Back to School: The Parent’s survival guide to extra-curricular activities

The new school year comes with many stresses for parents (especially the newbies): lunchboxes to pack, school fees to pay, carpools to organise, school uniforms to launder, homework to help with…. and on top of that extra-curricular activities to choose and manage.

The latter troubles many parents due to the pressure these ventures place on our time, finances and sometimes even on the relationship with our children. We may ask, “What is enough or too much? Which activities are essential?”, and this uncertainty only adds to the tension.

Maybe we could simplify the matter. Let’s start by asking why we let our children participate in such activities in the first place?

            “She needs it to develop to her full potential.”

            “Everyone else does it, and I don’t want my child to be left behind.”

  “I excelled in or enjoyed {fill in the blank}, and I want my child to do too.”

Do any of these more or less represent your reasons for engaging your child in non-school activities? Although they are fully reasonable responses, they stem from personal or external expectations which are never a healthy basis for any parenting-related motives.

What does my child actually need?

Let’s review the fundamentals.

What do children need to develop optimally? To narrow it down to the bone: Nurturance. That is, to have his or her needs met – on a physical level (by providing for them), an emotional level (mainly through a caring relationship with their parents in which they are treasured, understood and gently guided), and a spiritual level (by praying with and for them). Naturally, at some point, they will also need a form of schooling. If you offer them the above, you are doing well and enough.

The rest, as the word “extra-curricular” suggests, are only “extra” add-ons. Think of it as a bonus cheque: although it may be eagerly used, it is not actually needed if you budgeted well.

Maybe a disclaimer is required: “optimal development” here refers to children’s growth towards becoming happy, healthy, well-functioning adults, not Olympic athletes or word-class violinists (who, by the way, may not be “optimally” developed in a holistic sense).

How many extra-curricular activities are advantageous?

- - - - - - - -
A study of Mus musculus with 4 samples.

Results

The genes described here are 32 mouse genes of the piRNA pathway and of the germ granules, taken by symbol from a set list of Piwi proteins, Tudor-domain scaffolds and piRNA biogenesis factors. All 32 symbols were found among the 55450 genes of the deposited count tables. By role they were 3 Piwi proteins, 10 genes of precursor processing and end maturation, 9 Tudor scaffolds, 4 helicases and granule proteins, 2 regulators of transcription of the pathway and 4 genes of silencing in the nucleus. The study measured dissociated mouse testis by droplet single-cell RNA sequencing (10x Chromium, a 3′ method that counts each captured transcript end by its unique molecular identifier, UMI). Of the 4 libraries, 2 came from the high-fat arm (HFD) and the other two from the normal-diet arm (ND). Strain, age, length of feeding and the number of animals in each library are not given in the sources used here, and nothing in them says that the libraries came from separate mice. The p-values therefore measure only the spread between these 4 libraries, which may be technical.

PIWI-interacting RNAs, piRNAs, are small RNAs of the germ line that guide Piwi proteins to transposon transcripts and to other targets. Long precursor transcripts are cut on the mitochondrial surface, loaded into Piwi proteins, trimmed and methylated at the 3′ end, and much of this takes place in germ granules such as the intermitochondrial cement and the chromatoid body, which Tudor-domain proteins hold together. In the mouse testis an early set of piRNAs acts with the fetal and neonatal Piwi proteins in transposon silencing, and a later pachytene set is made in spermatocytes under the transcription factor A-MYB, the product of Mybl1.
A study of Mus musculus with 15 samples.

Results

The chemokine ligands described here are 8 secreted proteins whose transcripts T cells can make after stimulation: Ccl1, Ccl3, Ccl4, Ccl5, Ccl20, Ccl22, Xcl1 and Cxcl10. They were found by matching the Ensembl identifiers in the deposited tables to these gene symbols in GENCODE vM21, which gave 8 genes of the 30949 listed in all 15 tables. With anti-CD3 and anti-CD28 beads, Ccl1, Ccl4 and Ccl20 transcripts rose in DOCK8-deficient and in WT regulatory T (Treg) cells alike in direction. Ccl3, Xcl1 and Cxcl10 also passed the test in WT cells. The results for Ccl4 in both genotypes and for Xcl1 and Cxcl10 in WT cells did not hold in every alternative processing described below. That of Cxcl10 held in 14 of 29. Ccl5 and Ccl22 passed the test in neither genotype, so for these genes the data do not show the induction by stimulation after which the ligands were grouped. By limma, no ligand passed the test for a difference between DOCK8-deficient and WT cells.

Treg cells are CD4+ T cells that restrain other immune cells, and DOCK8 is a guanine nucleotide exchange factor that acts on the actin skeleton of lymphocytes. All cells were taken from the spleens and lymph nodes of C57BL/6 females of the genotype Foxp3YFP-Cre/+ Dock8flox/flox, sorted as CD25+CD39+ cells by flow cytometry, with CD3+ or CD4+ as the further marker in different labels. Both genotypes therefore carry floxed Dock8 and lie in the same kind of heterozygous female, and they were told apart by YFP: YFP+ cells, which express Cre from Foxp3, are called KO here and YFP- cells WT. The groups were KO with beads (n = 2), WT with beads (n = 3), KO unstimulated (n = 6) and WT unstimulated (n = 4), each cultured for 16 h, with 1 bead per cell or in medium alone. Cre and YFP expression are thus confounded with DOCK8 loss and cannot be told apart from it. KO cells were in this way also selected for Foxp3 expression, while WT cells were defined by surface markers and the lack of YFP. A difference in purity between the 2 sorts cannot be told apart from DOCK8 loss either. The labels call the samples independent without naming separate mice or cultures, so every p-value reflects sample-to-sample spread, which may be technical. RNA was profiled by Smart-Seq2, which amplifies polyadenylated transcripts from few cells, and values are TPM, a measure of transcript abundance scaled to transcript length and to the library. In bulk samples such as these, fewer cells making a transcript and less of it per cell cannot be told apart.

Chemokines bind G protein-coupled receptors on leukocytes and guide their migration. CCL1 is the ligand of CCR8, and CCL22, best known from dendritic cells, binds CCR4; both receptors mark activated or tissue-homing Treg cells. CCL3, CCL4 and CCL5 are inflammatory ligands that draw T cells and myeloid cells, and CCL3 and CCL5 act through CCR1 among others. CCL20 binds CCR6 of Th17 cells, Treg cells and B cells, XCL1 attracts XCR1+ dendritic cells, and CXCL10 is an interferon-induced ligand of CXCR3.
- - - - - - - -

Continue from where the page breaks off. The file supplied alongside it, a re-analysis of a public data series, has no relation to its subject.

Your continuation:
The answer, as you undoubtedly know, is not straightforward. But the first step in determining this may be to ask two questions:

  1. What is my own capacity? I.e. how much funds, time and energy do I have to spend on this without neglecting other parts of life or becoming frazzled?
  2. What is my child’s capacity? Some temperaments flourish on staying busy with structured activities while others need more freedom; some opt to focus on one niche while others prefer more variety. The age of the child will also play a role.

Once you have honestly answered these questions – preferably with the help of your child, spouse and an outsider who knows the family well – move on to selecting appropriate activities.

Which activities are best?

Again, a million answers could fit here. The most suitable one may be: the ones my child chooses. This could be a real dilemma for parents as we often have our own ideas:

“Piano lessons! She’s clearly talented like her daddy!”

“He loves playing ball – rugby it should be!”

You may be right, and nobody knows your child like you do. However, be sure not to let your own desires guide you. Make suggestions to your child, but be careful not to manipulate – many children will pick up on your wishes and decide to please you rather than live out their dreams.

Keep in mind that children may go through many different phases. Allow them to experiment without pressure. There is no single “right” passtime. Therefore, a useful hint: do not invest too much in an activity before your child has proven that it’s not just a passing fad. Try to buy second-hand gear or borrow from friends at first.

And what about extra classes? Sounds very noble and necessary, doesn’t it? Still, ask yourself: does the desire for my child to perform better academically come from him or from me? Is there a genuine problem that needs professional help?

What is too much?

When a child is stressed out or loses her joy, it should tell us, “enough!” Life is tough. We do our kids a favour by allowing them the most stress-free childhoods we possibly can offer. If a child wants to quit an activity, let him finish the season/month/term to teach him endurance and consequence. Then, let him off the hook and permit him to try something new if that’s what he wants.

Keep in mind that some children are naturally prone to anxiety and quitting may not be the right answer in such cases, especially if they actually like the activity. Rather, help them work through their anxieties and encourage them to enjoy life even if it’s imperfect. Consider controlling the level or amount of competition these children engage in – especially at a young age!

The crux of the matter: let go of the pressure – our children’s wellbeing is not dependent on extra-curricular undertakings. However, it could be enhanced by activities that they find truly helpful or enjoyable and diminished by ones they loathe or that steal from peace in the home.

Need more back-to-school help?

Read here how to enjoy a prosperous back-to-school journey. This and this article will help you with re-establishing routines after the holiday. Or invite your friends and book a healthy lunchbox cooking session with Andalene Salvesen.